The New Teacher Project had a really interesting study out not long ago on teacher evaluation that found that pretty much all teachers get high ratings on local evaluation instruments. This is something of a portent for things to come, since one of the stimulus assurances will probably deal with this piece of data.
See my write-up of the TNTP study for additional details and some feedback from teachers, union officials, and so forth.
One interesting element in the report that I didn’t include in my story has to do with where these records are kept. Of the 12 districts TNTP examined, only five of them—Denver; Chicago; Elgin, Ill; Rockford, Ill; and Cincinnati;—keep electronic evaluation data. For most other districts, the results of evaluations basically sit in folders in the district HR office, never to be looked at again by anyone.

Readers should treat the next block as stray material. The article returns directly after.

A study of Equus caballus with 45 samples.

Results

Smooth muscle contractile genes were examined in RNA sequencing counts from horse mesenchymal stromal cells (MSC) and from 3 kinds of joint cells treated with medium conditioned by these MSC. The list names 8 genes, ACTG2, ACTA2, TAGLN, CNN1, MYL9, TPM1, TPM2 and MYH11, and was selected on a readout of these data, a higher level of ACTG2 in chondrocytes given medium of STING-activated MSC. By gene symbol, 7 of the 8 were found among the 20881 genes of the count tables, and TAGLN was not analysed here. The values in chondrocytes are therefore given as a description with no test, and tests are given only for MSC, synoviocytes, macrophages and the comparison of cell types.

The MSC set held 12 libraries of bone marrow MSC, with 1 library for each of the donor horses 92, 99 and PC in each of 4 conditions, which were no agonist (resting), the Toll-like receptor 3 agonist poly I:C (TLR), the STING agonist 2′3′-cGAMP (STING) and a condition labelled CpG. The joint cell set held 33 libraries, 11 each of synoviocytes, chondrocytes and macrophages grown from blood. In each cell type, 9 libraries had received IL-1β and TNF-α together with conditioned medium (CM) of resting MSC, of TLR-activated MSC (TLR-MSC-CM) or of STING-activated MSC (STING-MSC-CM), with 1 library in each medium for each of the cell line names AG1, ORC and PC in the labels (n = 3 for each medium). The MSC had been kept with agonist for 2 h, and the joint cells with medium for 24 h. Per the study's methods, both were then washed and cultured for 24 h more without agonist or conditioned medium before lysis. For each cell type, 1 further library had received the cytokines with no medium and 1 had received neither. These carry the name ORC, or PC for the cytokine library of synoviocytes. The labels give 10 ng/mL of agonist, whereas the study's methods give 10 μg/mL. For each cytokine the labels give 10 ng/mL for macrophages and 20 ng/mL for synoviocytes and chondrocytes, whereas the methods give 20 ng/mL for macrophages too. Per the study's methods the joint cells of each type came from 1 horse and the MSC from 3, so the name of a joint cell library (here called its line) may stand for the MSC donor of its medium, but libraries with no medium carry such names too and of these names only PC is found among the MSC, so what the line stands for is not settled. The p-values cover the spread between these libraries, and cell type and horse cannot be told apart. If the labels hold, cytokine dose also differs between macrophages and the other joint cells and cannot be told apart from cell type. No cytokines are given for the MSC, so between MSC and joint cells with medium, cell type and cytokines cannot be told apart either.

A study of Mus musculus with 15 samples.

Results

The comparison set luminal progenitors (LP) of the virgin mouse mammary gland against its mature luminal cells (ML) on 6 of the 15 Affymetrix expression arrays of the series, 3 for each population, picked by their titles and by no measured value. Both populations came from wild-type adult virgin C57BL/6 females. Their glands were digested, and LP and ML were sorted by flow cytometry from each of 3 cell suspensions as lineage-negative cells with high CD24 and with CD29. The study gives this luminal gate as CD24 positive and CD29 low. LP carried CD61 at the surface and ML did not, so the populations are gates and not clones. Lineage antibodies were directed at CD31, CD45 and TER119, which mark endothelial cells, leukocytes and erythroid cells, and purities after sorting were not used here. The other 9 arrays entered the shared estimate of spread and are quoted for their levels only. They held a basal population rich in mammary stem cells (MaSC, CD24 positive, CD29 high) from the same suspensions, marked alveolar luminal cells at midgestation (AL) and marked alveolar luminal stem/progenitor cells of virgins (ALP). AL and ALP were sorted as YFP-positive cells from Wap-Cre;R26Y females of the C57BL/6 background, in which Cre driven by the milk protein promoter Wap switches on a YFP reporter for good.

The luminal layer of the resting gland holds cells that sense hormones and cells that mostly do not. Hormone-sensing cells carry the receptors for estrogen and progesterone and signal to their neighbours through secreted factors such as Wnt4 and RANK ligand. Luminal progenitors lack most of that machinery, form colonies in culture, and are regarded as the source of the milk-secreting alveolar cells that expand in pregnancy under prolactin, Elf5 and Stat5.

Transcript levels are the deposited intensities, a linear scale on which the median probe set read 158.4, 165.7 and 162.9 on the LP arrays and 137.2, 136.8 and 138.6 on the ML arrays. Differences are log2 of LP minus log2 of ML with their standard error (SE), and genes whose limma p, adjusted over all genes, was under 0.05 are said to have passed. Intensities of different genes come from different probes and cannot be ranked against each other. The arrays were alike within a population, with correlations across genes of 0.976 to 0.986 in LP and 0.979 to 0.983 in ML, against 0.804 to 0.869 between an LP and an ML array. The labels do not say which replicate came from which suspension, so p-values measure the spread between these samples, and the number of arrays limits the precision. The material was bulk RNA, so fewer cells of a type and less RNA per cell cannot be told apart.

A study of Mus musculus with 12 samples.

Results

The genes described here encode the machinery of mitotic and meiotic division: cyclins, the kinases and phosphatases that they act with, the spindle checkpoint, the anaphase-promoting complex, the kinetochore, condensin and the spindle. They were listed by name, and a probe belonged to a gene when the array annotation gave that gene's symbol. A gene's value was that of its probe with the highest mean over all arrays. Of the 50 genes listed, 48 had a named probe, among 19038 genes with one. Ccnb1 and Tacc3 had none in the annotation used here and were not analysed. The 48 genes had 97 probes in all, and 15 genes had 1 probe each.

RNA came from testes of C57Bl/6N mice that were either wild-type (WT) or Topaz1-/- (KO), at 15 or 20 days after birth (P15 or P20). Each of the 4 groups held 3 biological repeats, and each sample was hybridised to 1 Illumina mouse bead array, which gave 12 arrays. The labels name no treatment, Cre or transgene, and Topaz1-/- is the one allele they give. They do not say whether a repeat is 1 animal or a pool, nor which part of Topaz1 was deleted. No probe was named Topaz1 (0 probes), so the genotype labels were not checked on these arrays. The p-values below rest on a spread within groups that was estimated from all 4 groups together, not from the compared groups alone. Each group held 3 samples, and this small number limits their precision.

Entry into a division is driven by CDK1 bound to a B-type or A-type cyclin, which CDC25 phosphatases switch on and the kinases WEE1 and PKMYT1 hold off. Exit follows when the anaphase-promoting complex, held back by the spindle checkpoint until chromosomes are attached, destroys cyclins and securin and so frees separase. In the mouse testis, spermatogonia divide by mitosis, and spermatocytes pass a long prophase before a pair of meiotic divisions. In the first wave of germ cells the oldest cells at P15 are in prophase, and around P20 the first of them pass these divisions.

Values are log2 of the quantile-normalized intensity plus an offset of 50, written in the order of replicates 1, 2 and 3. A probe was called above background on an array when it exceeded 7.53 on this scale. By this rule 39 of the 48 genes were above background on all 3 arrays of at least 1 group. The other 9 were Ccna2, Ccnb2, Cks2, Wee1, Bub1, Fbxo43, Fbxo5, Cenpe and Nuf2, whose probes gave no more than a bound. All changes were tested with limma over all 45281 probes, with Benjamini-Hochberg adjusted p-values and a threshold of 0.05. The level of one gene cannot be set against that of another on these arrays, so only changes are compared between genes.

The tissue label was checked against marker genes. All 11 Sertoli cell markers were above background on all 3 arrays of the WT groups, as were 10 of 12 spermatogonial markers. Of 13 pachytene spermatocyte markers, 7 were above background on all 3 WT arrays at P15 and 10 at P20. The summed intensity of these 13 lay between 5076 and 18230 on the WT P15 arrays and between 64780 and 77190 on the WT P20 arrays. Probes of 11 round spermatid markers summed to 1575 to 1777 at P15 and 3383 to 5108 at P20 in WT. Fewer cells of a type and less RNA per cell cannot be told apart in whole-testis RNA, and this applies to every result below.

Imagine the possibilities if these evaluations actually meant something and districts could sort through the results of such evaluations electronically and analyze them in various ways. Not for punitive purposes, mind you, but to do a better job of offering professional development at the district level to supplement what teachers, coaches, and administrators are doing within schools.
If a lot of teachers are struggling with how to model math problems, for instance, that could be the beginning of a district PD program or even a new math initiative.
If your district does something like this, send me an e-mail! I’d love to hear from you.
A version of this news article first appeared in the Teacher Beat blog.